The head of a state crime lab office was fired Monday after investigators found that staff withheld exculpatory evidence from defense lawyers in thousands of drunken-driving cases since 2011, a disclosure that could threaten many convictions.
In a report released Monday, state public safety officials concluded that the Office of Alcohol Testing routinely withheld documents from defense lawyers in a lawsuit challenging the reliability of breathalyzer test results due to an “unwritten policy not to turn these documents over to any requester.”
The documents included evidence that breath testing devices had failed to properly calibrate during the office’s certification process, the report found.
“We conclude that OAT leadership made serious errors of judgment in its responses to court-ordered discovery, errors which were enabled by a longstanding and insular institutional culture that was reflexively guarded . . . and which was inattentive to the legal obligations borne by those whose work facilitates criminal prosecutions,” the report found.
The most important word in the above excerpt is “culture.” The drug tests scandal was blamed on a single analyst, Annie Dookhan. But these sorts of things rarely happen in isolation. Now we have an entire “office” within the crime lab accused of not turning over exculpatory evidence. At some point, we need to start asking pointed questions. Among them: Why would crime-lab analysts feel pressure to fake incriminating test results and to hide exculpatory results? Are they feeling pressure from police or prosecutors? We already know that, incredibly, some crime labs only get funding when their analysts produce results that help win convictions. Is that what’s happening here? There are numerous public and private grants and awards tied to driving-under-the-influence enforcement, both for police departments as a whole and for individual officers. Was that a factor here?
Crime-lab analysts should be neutral. Their job performance should be evaluated based on their accuracy. Clearly, something is making at least some of these analysts think there’s a “right” and a “wrong” answer when conducting these tests. Perhaps it’s right there in the name: the Massachusetts State Police Crime Laboratory. A forensic analyst shouldn’t be considered on the same side or team as the police. Hosting these labs under the auspices of police or district attorney’s offices is a big part of the problem.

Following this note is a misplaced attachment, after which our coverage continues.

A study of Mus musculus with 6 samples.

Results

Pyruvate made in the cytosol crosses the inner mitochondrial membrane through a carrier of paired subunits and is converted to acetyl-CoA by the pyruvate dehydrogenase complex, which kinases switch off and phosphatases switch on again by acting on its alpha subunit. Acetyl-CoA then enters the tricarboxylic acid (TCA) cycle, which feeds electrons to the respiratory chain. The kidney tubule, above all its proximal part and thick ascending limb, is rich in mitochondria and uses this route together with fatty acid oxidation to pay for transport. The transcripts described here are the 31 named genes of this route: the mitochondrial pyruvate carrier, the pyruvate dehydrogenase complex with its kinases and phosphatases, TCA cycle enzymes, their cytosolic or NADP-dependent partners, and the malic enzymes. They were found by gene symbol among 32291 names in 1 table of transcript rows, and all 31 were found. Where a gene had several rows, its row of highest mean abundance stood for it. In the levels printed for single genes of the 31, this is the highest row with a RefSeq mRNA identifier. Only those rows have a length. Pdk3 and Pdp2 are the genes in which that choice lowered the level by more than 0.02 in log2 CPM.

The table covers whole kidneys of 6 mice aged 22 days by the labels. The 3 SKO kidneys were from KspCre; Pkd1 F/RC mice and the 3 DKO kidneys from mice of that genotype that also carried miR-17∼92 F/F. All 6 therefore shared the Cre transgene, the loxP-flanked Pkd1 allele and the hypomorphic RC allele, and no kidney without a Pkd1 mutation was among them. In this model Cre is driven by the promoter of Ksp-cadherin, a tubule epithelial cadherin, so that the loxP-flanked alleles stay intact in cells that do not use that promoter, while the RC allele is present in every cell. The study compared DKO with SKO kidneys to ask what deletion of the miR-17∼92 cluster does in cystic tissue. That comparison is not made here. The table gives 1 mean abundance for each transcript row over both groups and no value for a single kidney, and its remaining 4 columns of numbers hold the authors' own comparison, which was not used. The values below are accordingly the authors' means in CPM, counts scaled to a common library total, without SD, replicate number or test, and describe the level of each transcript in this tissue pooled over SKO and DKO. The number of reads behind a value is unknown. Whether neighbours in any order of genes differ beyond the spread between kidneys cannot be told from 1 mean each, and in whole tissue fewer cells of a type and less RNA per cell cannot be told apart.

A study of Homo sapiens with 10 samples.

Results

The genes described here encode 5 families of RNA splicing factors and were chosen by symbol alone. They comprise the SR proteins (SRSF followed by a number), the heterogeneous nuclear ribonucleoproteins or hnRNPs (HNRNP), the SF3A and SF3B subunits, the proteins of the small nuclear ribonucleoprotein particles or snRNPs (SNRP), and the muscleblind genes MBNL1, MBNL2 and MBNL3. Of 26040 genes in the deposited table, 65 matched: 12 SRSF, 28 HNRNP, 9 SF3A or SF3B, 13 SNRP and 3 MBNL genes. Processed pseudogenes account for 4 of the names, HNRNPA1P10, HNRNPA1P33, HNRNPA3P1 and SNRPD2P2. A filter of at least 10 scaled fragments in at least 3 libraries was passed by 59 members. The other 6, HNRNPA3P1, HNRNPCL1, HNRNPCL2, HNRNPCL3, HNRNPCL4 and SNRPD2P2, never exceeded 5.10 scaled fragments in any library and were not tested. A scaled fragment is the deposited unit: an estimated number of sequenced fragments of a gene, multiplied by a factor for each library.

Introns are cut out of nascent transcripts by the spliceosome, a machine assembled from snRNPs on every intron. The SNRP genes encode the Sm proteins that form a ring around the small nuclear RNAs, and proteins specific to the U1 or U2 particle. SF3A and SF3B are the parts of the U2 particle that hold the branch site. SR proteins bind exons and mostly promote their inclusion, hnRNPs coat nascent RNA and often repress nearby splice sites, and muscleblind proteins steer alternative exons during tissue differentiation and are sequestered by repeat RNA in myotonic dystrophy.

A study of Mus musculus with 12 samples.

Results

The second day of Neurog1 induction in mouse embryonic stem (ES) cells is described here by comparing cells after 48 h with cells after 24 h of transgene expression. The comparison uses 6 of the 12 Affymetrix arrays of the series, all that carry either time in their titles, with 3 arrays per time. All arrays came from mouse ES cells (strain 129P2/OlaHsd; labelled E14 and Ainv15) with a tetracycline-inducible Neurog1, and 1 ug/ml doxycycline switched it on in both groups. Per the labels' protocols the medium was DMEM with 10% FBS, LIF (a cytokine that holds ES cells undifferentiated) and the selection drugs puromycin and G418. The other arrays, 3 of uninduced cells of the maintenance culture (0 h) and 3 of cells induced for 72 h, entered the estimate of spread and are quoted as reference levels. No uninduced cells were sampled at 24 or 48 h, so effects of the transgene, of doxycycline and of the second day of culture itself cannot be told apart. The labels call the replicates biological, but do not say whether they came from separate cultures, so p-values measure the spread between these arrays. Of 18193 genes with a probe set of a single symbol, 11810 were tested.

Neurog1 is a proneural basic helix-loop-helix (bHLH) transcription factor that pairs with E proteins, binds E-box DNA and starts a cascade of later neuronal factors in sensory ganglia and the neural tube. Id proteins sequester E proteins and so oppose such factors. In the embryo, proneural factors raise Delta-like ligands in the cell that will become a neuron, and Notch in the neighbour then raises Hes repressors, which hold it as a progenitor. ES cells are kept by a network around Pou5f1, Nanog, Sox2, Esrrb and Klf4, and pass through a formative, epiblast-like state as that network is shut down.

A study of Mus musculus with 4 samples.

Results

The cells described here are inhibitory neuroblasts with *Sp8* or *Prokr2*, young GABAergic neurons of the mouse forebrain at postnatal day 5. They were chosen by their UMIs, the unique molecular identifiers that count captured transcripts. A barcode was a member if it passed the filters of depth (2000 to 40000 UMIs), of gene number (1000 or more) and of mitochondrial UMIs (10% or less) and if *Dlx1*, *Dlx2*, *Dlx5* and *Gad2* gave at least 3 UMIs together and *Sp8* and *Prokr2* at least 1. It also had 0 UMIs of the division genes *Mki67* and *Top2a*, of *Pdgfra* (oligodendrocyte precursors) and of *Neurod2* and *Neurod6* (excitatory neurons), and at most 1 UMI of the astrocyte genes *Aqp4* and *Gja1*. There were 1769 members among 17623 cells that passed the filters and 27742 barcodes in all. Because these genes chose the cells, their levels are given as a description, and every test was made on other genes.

If the lab was indeed withholding exculpatory test results, that almost certainly means some people were wrongly convicted of DUI. In Massachusetts, a first-time drunk-driving conviction can bring a one-year suspension of your driver’s license, possible probation and a mandatory 16-week alcohol awareness class (that you’re required to pay for), and thousands of dollars in court costs, attorney’s fees and fines. The conviction remains on your record permanently. If you had a child in the car at the time, you’re looking at 90 days to two years in prison and a one-year license suspension. And none of this accounts for the harm done to your career and reputation. A DUI conviction can be used against you in divorce and child custody cases. It can be devastating if you’re on parole or probation.
Given the stakes, and what we now know about the crime lab, if you find yourself pulled over on suspicion of DUI, you might be tempted to refuse to take a breath test. Generally speaking, unless you were driving really recklessly, or there are other signs of obvious intoxication, it takes a positive breath test to get probable cause to arrest you and subject you to a blood test. But refusing the test won’t help. Massachusetts is also one of the majority of states that mandates an automatic license suspension if you refuse to take a breath test. (Unless, of course, you’re a police officer, and have been extended “professional courtesy” by your fellow officer.)
Meanwhile in Texas, the state’s highest court has ordered a hearing into whether the widening crime lab scandal in Austin may have tainted DNA test results in a death-penalty case.
These scandals will continue until states and cities create systems that recognize and compensate for cognitive bias, and in which the incentive structure rewards accuracy above all else.